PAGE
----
Mike Ross of the Edmonton Sun recently conducted a brief question-and-answer session with MOTÖRHEAD frontman Ian "Lemmy" Kilmister. A couple of excerpts from the interview follow:

Q: Did you ever think you'd be doing this for 30 years?

Lemmy: No.

Q: It must give you pause?

Lemmy: I don't think, "Wow, it's been 30 years." I think, "Wow, it's still good." We're getting more younger kids at the shows. This makes the third generation now.

Q: Do you think your connection with pro-wrestling (MOTÖRHEAD plays the theme song for Triple-H) increased your popularity?

Lemmy: It may introduce us to people who haven't heard us, but we had younger kids coming in before the wrestling. We played Wrestlemania in L.A. (recently).

Q: That must've been fun?

Lemmy: Yeah, he lost again. He lost the first time, too. I said, motherf---er, you better win next time!

Q: Do you have some new material in the works?

Lemmy: We're recording the beginning of next year. I ain't even thinking of it yet. We work under the knife, under the clock. That's our best way of doing it.

Q: How does it feel to have won your first Grammy award (Best Metal Performance)?

Lemmy: It would've meant a lot more to me if it would've been for something of ours instead of a cover.

Q: Were you at the ceremony?

Lemmy: Yeah, but they don't televise the heavy metal part because it's like terrible and base and satanic and all that bulls----. So they only have the rappers who say you should shoot people on TV. It's really strange.

Q: I guess the real rebellious music is heavy metal again?

Lemmy: It never went away, but I think it cut its own throat. It got too pompous. It got too fond of itself. It got in league with its publicists, which is never a good idea. Look at Hitler. He believed in his own publicist and look what happened to him.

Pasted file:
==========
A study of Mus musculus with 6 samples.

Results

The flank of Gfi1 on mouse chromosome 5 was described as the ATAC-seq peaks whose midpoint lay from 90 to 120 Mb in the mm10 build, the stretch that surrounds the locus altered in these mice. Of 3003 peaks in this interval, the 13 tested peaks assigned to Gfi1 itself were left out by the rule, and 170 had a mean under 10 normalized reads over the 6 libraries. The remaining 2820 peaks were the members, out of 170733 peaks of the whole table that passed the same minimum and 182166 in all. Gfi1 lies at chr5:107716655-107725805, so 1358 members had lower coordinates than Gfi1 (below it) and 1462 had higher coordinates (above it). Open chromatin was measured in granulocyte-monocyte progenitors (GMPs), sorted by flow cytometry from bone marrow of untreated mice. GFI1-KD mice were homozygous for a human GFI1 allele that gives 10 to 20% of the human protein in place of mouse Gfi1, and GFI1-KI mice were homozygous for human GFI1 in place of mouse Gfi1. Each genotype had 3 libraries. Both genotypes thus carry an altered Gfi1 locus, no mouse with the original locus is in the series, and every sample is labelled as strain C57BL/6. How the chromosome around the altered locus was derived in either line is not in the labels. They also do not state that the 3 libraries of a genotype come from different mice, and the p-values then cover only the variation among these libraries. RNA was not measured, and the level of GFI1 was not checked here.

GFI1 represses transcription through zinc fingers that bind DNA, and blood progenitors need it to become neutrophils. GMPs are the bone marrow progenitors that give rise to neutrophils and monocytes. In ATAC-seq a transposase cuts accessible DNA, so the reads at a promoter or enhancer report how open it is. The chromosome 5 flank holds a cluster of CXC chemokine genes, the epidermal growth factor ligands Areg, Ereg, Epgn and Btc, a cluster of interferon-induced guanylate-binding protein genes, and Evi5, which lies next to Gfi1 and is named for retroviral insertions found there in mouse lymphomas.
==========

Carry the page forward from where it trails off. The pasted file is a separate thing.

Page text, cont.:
Q: Speaking of which, were you nervous telling CNN about your fascination with Second World War memorabilia?

Lemmy: Why should I be nervous? It's the most important event of the 20th Century. If you're not interested in it, you're sort of an idiot. It contained every lesson you'll ever need to work with today. And yet people will not learn from past events. They keep on making the same mistakes every f---ing time. It's incredible. We have an unlimited capacity for stupidity.

Q: You really expressed admiration for Hermann Goering?

Lemmy: Because out of all them, he took responsibility at the Nuremberg trials. He said, "Yes, it was me." Everybody else said, "No, it was Hitler, and he's dead, you can't blame me, it was just orders." That's the only thing I admire about Goering. He wasn't a very admirable man, but he did do that right. And he had to be a f---ing Nazi to do it, get it?

Q: What new bands are you into?

Lemmy: I listened to that EVANESCENCE album a lot. They're really good. You know who that is? Great album. And there's this band from New York who toured with us for five shows, two guys and two girls, and they're called SLUNT. Isn't that the best name you ever heard?

Read the rest of the interview at this location.


Posted in: News


To comment on a BLABBERMOUTH.NET story or review, you must be logged in to an active personal account on Facebook. Once you're logged in, you will be able to comment. User comments or postings do not reflect the viewpoint of BLABBERMOUTH.NET and BLABBERMOUTH.NET does not endorse, or guarantee the accuracy of, any user comment. To report spam or any abusive, obscene, defamatory, racist, homophobic or threatening comments, or anything that may violate any applicable laws, use the "Report to Facebook" and "Mark as spam" links that appear next to the comments themselves. To do so, click the downward arrow on the top-right corner of the Facebook comment (the arrow is invisible until you roll over it) and select the appropriate action. You can also send an e-mail to blabbermouthinbox(@) with pertinent details. BLABBERMOUTH.NET reserves the right to "hide" comments that may be considered offensive, illegal or inappropriate and to "ban" users that violate the site's Terms Of Service. Hidden comments will still appear to the user and to the user's Facebook friends. If a new comment is published from a "banned" user or contains a blacklisted word, this comment will automatically have limited visibility (the "banned" user's comments will only be visible to the user and the user's Facebook friends).